What Does Failure to Comply With Jail Standards and Jail Policy Lead to?
Jeff Kovar, Strategic Account Executive, has noticed a somewhat common theme when discussing tracking products with jail or prison agencies: ''We aren’t required by law to follow any state standards, so we don’t need to be concerned about our cell checks.” Let’s examine that statement a little more closely.
Are you prepared for legal defensibility?
Jail standards vary from state to state, some states don’t even follow any jail standards at all. If you operate in one of the states that aren’t required by law to follow minimum standards, have you grasped that it doesn't mean your facility doesn’t face liability? If you think your current process is what works best for your facility, by all means, carry on but be aware of the repercussions that will take place if an incident were to happen, such as an in-custody death. Your facility will be investigated (subsequently litigated) and will be required to provide written statements and documentation from staff involved, video footage (if available), inmate medical records, and intake screening documentation. Are you confident that this information is being documented appropriately? Are you able to audit this documentation to ensure its accuracy and completeness? Do you have these items available at the drop of a hat? If not, it’s time to rethink your agency policy and prepare for legal defensibility.
Policy sets benchmarks that benefit facility functionality
For example, Texas has minimum jail standards that all county jails in the state are required to follow. They are inspected annually by the Texas Commission on Jail Standards. Therefore, Texas jails must follow TCJS guidelines or face the risk of getting shut down. On the other hand, there are some states that don’t have statewide standards. These facilities’ Jail Administrators aren’t concerned with their officers' jail check compliance since they are not inspected by an outside entity. However, even though these facilities aren’t mandated to follow state standards, they still need to have internal standards for cell checks written into their policy, such as 30-minute or 60-minute checks. Failure to comply could result in litigation if there were an in-custody death.
Although it may sound more convenient to not be bound to any state standards, at least having internal written policy sets benchmarks for staff that benefit the facility's functionality. In most agency policies, administrators set time requirements for cell checks in specific areas. For example, staff may be required by policy to make 60-minute cell checks in general population housing units, 30-minute cell checks in mental health housing units, and 15-minute checks for inmates on suicide watch. If staff are late with their cell checks, according to the agency policy, they could be subject to litigation. These policies require officers to follow what is determined to be their standard. If policies aren’t being followed, at the very least, the facility will be scrutinized, and all deficiencies will be used to paint a picture of widespread carelessness. Think about how it would look if you have multiple in-custody deaths and preventative measures were put in place to prevent future occurrences. Attorneys always look at what corrective actions are taken following a serious incident. If there were deficiencies with the cell checks on the first in-custody death and those same deficiencies are present during the second in-custody death it will appear that the agency has a pattern of practicing negligent behavior. If this scenario sounds like a possibility in your facility, you need to take immediate action to improve your team’s practices.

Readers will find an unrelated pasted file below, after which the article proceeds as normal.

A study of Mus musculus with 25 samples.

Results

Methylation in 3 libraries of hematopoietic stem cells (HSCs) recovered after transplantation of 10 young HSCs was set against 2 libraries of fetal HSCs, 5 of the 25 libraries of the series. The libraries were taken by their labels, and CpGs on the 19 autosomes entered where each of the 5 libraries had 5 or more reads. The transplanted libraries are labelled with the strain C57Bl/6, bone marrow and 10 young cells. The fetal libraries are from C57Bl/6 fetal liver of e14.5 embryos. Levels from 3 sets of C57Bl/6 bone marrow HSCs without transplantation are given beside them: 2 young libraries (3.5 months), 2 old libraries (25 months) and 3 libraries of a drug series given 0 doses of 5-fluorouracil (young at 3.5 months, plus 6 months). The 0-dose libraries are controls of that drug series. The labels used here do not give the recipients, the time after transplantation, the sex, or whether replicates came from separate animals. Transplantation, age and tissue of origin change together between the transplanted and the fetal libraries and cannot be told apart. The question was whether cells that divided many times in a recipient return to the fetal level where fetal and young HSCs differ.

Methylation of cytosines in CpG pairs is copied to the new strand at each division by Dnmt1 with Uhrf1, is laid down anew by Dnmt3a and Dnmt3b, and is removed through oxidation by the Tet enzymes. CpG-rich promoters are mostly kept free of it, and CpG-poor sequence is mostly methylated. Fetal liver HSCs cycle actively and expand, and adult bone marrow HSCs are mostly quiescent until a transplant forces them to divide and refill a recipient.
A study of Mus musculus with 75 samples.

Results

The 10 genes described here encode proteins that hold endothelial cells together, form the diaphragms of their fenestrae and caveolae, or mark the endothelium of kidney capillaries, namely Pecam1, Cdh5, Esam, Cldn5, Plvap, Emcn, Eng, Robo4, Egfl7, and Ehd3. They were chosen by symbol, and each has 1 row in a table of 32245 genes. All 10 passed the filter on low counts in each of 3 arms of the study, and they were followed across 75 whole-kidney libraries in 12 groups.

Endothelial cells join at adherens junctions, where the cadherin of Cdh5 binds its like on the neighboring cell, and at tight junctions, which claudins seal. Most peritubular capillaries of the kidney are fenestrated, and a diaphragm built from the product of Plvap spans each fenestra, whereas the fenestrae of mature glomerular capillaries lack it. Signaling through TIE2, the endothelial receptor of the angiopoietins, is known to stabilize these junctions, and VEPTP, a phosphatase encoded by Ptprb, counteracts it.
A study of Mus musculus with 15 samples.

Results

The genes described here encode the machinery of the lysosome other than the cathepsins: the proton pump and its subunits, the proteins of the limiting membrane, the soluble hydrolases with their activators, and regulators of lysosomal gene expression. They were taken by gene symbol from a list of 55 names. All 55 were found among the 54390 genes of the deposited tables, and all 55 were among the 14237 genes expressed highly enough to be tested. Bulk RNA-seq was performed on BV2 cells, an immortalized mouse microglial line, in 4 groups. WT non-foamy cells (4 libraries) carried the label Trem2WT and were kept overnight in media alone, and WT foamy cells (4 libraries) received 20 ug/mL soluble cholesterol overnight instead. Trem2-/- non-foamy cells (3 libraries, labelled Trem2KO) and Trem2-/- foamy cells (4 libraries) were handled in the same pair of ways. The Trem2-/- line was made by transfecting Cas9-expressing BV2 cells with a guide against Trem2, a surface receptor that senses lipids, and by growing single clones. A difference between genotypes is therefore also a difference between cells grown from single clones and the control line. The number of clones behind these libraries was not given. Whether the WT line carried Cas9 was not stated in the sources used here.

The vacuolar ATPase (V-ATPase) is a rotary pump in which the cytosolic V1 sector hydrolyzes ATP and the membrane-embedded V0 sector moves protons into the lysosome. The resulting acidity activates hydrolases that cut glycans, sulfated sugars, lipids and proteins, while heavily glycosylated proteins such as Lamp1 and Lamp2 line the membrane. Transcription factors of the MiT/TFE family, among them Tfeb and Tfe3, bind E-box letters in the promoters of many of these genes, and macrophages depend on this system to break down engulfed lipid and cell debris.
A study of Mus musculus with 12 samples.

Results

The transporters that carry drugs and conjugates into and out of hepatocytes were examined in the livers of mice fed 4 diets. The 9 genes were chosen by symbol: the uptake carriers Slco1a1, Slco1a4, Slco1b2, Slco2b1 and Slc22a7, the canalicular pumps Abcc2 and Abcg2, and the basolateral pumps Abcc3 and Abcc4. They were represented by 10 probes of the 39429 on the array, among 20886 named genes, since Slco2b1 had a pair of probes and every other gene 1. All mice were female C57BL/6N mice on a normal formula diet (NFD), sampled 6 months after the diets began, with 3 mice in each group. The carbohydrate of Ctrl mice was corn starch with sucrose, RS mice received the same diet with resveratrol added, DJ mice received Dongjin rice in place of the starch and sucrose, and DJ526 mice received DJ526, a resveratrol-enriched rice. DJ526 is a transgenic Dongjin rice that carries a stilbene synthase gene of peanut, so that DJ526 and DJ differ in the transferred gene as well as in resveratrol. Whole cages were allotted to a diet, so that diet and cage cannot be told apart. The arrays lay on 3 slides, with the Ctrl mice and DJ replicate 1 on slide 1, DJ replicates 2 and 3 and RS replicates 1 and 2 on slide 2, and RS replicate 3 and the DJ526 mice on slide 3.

How can I prevent facing liability?
There isn’t a magic wand that will prevent every single brawl or in-custody death. Luckily, inmate tracking technology can help facilities mitigate risk and increase staff accountability by documenting jail rounds and translating it into usable, easy-to-read, compliance reports. Whether you want to know which officers are late, the location of the late rounds, or the time of day they occurred, with a few clicks of a button, administrators can pull this information while staff are simultaneously taught the tools of high awareness, check compliance, and defensibility.